Changes at Madison’s largest concert company will impact 39 employees.

FPC Live, the dominant concert promoter in Madison’s live-music industry, has laid off or reduced pay and hours for 39 employees at its home office on South Livingston Street and at several of the venues it operates. Nearly seven months into a near-complete absence of live music, the move is a bleak indicator. Independent venues have been working together to ask state and federal governments for help, but so far, little has been forthcoming. If FPC, a Live Nation subsidiary, is making such drastic cutbacks, that bodes badly for small local venues without nearly the same resources.

FPC Live CEO Joel Plant informed the Wisconsin Department of Workforce Development and Madison Mayor Satya Rhodes-Conway of the decision in a September 15 letter. The Milwaukee Journal-Sentinel reported on the layoffs on Monday. Plant’s letter does not make clear how many employees are actually laid off, or how many will be furloughed, working reduced hours, or receiving lower pay rates. It does specify that the people affected work in many different areas, from bar managers and technical staff to marketers and talent buyers.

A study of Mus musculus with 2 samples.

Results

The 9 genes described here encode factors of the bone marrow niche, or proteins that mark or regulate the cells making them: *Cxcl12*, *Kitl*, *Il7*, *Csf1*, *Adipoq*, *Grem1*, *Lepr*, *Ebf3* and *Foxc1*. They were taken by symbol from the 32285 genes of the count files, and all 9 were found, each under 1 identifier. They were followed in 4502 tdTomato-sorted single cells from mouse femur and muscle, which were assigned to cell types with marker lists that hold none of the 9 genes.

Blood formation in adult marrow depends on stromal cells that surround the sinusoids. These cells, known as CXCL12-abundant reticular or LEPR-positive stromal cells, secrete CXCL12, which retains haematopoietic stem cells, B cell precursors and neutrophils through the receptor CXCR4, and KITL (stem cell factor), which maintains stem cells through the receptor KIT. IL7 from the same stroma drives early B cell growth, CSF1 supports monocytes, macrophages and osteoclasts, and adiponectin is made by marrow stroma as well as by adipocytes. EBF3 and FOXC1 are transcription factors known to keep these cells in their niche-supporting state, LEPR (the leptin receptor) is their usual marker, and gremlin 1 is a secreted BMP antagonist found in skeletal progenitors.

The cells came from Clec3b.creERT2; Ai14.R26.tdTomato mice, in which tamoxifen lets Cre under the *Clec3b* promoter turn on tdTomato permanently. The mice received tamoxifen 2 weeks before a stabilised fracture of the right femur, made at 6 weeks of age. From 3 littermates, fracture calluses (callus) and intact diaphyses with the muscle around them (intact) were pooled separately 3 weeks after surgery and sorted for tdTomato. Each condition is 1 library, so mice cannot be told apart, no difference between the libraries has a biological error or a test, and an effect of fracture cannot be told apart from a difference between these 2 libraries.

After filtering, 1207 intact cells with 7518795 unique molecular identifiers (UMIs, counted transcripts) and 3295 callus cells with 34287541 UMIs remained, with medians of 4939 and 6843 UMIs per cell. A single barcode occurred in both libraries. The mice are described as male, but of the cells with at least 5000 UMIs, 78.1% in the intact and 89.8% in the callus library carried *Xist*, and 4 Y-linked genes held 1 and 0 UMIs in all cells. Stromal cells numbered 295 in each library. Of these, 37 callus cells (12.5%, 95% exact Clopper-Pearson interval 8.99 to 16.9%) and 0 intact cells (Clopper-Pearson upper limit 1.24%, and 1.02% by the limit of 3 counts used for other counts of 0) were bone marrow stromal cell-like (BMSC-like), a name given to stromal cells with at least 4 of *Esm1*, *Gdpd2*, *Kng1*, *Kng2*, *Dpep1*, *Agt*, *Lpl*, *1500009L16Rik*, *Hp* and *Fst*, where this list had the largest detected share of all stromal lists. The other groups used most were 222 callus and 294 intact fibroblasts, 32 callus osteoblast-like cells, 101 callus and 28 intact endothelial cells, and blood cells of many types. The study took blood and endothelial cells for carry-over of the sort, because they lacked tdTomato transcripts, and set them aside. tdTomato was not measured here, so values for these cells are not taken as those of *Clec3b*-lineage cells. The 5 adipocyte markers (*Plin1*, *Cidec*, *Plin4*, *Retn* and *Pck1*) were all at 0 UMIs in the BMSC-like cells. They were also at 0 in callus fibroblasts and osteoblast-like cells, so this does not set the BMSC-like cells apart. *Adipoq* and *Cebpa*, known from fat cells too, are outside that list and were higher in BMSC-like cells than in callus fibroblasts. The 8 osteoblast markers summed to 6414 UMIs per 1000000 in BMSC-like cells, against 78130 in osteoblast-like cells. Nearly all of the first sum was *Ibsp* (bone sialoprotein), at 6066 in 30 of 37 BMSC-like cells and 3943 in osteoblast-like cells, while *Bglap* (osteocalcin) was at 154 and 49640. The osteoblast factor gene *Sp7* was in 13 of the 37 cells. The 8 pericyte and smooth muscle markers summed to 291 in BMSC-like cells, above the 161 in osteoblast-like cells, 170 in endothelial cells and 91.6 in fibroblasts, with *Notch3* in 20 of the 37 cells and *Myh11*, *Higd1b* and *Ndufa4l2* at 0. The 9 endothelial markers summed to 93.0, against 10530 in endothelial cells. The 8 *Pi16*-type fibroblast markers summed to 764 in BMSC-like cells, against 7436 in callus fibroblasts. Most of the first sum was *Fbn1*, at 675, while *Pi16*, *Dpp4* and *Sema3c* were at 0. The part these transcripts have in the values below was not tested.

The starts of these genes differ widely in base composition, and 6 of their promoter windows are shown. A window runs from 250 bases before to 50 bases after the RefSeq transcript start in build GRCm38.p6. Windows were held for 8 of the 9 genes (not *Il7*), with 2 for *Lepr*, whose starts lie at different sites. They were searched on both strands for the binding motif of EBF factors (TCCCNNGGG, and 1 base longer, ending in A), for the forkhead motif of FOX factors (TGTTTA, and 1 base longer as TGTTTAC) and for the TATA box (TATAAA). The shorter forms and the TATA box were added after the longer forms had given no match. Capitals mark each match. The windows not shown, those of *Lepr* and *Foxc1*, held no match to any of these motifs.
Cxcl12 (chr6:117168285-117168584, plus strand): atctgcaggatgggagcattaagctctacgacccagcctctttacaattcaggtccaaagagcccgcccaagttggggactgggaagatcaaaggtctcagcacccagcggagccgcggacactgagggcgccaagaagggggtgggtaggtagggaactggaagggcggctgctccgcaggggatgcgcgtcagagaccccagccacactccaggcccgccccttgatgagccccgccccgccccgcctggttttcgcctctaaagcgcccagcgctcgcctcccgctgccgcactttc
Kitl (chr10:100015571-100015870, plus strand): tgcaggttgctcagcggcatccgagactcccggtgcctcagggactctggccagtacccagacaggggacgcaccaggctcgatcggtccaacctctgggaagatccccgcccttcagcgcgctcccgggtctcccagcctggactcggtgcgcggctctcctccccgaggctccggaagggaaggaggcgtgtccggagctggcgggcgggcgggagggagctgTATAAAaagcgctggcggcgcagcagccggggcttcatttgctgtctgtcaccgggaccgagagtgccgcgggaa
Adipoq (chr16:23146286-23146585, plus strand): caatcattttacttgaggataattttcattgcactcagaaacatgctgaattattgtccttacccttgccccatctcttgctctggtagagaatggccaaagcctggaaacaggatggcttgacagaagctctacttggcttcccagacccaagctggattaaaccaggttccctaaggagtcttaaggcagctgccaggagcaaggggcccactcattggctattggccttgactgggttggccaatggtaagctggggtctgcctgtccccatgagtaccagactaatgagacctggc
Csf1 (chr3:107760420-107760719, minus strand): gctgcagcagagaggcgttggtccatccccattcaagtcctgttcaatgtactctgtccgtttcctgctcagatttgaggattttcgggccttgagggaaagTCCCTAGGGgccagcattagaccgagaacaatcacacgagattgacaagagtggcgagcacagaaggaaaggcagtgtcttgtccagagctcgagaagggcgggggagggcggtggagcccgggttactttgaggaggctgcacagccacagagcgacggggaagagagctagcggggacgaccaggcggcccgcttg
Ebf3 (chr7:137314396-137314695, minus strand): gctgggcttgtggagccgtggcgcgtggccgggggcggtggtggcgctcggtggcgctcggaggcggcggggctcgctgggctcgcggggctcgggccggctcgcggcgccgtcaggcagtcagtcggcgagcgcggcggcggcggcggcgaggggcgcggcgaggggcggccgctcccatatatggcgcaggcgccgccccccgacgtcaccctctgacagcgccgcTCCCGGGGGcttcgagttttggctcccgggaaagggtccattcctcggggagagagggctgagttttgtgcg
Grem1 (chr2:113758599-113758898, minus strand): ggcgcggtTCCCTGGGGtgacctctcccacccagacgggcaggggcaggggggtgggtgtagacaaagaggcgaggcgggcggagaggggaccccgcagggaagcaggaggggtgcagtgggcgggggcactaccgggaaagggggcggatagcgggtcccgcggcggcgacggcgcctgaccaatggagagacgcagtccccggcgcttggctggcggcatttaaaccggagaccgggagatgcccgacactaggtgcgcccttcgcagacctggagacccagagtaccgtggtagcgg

Until COVID-19 hit, FPC Live was having an excellent few years. Madison-based concert company Frank Productions bought the beloved High Noon Saloon in 2017, then merged with Majestic Live, re-branding the new company as FPC Live. The world’s largest concert promoter, Live Nation, bought a majority stake in FPC Live in 2018. Later that year, the company opened its 2,500-capacity flagship venue, The Sylvee, and was using its combined muscle to bring an array of popular touring acts to other venues including the Orpheum, Majestic, High Noon Saloon, and Breese Stevens Field. 

As the pandemic becomes more and more unpredictable, it’s close to impossible for concert bookers to make solid bets on the future. FPC Live and its NS2 subsidiary have booked some socially distanced shows in Charleston, South Carolina. As for Madison audiences, the company has been confined to live-streaming events (including a Lucius performance in July that was billed as a benefit for staff). One exception is this Saturday’s Amplify Open, a golf outing that will also feature cover band Rod Tuffcurls & The Bench Press. That event is a benefit for local non-profit Cook It Forward, and tickets have sold out.